In 2015 and 2016, producers went on a buying bonanza snapping up Permian acreage. The prospect of stacked pay potential with ultra low break-even prices sent producers in a bidding frenzy. In the chase for the best acreage, prices went as high as $60,000 per acre. Now that the Permian land grab has slowed, has all that stacked pay potential been proven?
Today, producers in the Midland and Delaware list a multitude of reservoirs available for development on their acreage, but some of those producers have began drawing attention to the economic differences between each reservoir as they test out their acreage and the various stacked pay opportunities.
These test wells have resulted in producers delineating their ‘premium’ locations from everything else in their undrilled inventory, as seen in the chart below from Encana’s November 2017 investor presentation. While the premium qualification can vary from producer to producer, it is typically based on the perceived economics of the well at given commodity prices. This distinction is important as players move towards more full-scale development.
In order to understand the extent of proven stacked pay potential, BTU Analytics categorized every single horizontal well in the Permian by horizon. For more on the analysis and methodology, see our October 2017 E&P Positioning Report.
In the Midland Basin, BTU Analytics targeted five separate horizons: the Spraberry and Wolfcamp A-D, with all other reservoirs aggregated in an “Other” category. As seen in the chart below, which shows the breakeven distribution between the various plays, the Spraberry boasts the highest proportion of wells drilled with a breakeven lower than $40/bbl since 2016. Almost 40% of Wolfcamp A and C wells breakeven below $40, followed by about 25% for Wolfcamp B.
However, more than half of the Midland wells in our economics sample that fall into one of the five main horizons are in the Wolfcamp B, signaling its relative potential and viability across the basin. This is in contrast to the Wolfcamp C and Spraberry, which have been targeted by far fewer wells.
Reservoir mapping reveals where operators are closer to full-scale stacked pay development in the Permian. In the map below, fringe acreage in the Midland Basin has typically only targeted one or two horizons. In Midland, Martin and parts of Howard counties, producers are typically developing three or more horizons. The higher number of horizons developed points to why these areas garnered such high acreage prices in 2015 and 2016.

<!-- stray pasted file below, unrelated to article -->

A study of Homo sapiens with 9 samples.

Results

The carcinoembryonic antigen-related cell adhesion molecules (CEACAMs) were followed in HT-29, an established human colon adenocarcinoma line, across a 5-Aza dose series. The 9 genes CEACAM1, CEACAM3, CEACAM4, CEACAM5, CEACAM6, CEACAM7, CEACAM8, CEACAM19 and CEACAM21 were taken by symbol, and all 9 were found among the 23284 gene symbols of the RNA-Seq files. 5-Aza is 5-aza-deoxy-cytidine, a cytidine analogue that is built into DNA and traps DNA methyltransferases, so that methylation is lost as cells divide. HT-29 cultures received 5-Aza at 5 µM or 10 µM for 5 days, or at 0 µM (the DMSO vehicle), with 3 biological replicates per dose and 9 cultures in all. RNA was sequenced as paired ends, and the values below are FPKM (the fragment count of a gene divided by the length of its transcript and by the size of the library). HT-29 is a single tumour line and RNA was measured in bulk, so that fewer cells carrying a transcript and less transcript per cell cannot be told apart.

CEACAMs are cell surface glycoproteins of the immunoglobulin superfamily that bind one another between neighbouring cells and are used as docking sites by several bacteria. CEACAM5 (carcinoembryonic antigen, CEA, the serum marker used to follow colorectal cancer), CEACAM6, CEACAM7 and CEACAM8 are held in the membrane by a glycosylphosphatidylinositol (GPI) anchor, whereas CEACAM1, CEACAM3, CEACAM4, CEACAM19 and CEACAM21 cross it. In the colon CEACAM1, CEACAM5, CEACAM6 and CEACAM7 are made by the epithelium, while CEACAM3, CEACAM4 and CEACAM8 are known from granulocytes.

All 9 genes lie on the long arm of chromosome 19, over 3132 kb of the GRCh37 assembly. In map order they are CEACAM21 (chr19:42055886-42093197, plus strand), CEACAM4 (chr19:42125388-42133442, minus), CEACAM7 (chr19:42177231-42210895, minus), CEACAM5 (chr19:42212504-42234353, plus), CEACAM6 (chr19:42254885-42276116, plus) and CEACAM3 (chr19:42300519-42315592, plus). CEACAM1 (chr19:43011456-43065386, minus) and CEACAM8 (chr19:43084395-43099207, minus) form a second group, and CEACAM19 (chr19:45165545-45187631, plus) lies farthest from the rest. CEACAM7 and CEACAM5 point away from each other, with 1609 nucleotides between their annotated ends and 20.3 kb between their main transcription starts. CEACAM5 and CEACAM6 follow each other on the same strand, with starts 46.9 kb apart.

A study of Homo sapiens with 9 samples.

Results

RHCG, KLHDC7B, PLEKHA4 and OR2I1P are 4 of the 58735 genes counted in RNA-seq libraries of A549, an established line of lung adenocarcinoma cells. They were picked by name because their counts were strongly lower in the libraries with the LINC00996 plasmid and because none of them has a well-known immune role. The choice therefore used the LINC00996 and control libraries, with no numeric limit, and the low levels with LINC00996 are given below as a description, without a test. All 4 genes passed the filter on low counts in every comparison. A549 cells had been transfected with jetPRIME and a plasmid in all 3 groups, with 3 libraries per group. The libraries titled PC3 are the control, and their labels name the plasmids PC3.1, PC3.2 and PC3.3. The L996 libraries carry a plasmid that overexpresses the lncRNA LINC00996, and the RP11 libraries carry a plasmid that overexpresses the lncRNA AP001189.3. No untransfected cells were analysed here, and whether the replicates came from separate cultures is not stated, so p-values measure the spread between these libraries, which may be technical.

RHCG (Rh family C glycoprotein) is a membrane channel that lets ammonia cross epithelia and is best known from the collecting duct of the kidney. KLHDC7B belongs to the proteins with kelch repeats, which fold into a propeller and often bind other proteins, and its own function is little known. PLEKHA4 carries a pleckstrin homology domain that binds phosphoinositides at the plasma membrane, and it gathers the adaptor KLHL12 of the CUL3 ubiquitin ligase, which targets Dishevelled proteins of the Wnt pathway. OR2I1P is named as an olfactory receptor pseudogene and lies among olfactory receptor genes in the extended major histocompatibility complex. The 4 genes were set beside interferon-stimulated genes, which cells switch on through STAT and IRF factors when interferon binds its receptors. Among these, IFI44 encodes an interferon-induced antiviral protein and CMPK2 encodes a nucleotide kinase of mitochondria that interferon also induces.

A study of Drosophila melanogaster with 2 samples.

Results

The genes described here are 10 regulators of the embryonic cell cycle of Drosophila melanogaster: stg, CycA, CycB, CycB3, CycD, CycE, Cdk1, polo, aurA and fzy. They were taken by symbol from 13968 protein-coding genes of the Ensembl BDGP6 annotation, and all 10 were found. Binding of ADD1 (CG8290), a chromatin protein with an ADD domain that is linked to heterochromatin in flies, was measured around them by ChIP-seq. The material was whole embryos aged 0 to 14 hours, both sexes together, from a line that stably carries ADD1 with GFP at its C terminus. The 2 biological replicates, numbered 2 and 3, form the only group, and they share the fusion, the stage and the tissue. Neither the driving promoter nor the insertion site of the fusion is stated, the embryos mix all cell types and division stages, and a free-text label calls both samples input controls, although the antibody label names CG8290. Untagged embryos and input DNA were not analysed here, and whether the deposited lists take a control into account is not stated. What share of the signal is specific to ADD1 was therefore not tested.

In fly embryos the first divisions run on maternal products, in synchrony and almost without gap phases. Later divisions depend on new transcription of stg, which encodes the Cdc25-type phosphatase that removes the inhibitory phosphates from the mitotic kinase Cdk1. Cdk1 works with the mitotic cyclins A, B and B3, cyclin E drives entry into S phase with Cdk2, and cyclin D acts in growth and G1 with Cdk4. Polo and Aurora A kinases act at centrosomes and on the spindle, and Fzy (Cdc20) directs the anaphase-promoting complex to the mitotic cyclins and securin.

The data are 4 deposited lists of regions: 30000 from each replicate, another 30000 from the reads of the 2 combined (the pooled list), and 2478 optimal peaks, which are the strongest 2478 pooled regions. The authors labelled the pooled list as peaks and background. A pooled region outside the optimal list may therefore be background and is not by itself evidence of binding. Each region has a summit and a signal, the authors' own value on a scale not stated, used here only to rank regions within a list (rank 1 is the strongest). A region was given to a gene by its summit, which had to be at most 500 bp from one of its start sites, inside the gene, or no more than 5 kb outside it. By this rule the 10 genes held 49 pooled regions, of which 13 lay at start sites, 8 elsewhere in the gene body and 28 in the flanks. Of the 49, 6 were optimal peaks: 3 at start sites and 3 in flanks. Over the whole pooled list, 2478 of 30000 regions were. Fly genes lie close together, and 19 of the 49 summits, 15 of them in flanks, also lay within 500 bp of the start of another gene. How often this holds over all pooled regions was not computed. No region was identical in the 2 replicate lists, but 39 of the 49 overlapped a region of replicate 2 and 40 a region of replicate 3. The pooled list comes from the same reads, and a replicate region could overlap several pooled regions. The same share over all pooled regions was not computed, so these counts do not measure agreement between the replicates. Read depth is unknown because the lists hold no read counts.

This is important as we consider the true economics of the stacked pay opportunity in the Permian. BTU Analytics estimates inventory of remaining locations by breakeven across all the major shale basins. In the Permian, the analysis involves estimating the remaining number of well locations by horizon, only assigning breakeven estimates to locations in grids where each horizon has been successfully drilled and completed. While conservative, BTU Analytics believes this methodology provides a more clear picture of the economics of the remaining well inventory.
On average, producers have produced from two horizons within each grid. But that statistic doesn’t provide the full picture. For instance, in Midland county, producers are targeting three or more horizons in almost every grid. In fringe counties like Andrew, Crane and Sterling, typically only one reservoir has been targeted. Estimating inventory utilizing a blanket assumption on number of horizons would over estimate the number of locations likely available in these areas, while underestimating that in Midland County.
Much of the Permian may have stacked pay potential, but the economics of those reservoirs will in part decide whether or not it will actually get developed. BTU similarly maps out the distribution of breakevens by reservoir in the quarterly E&P Positioning Report, providing insight into what acreage is best suited for development of each play. Request a copy of the report today.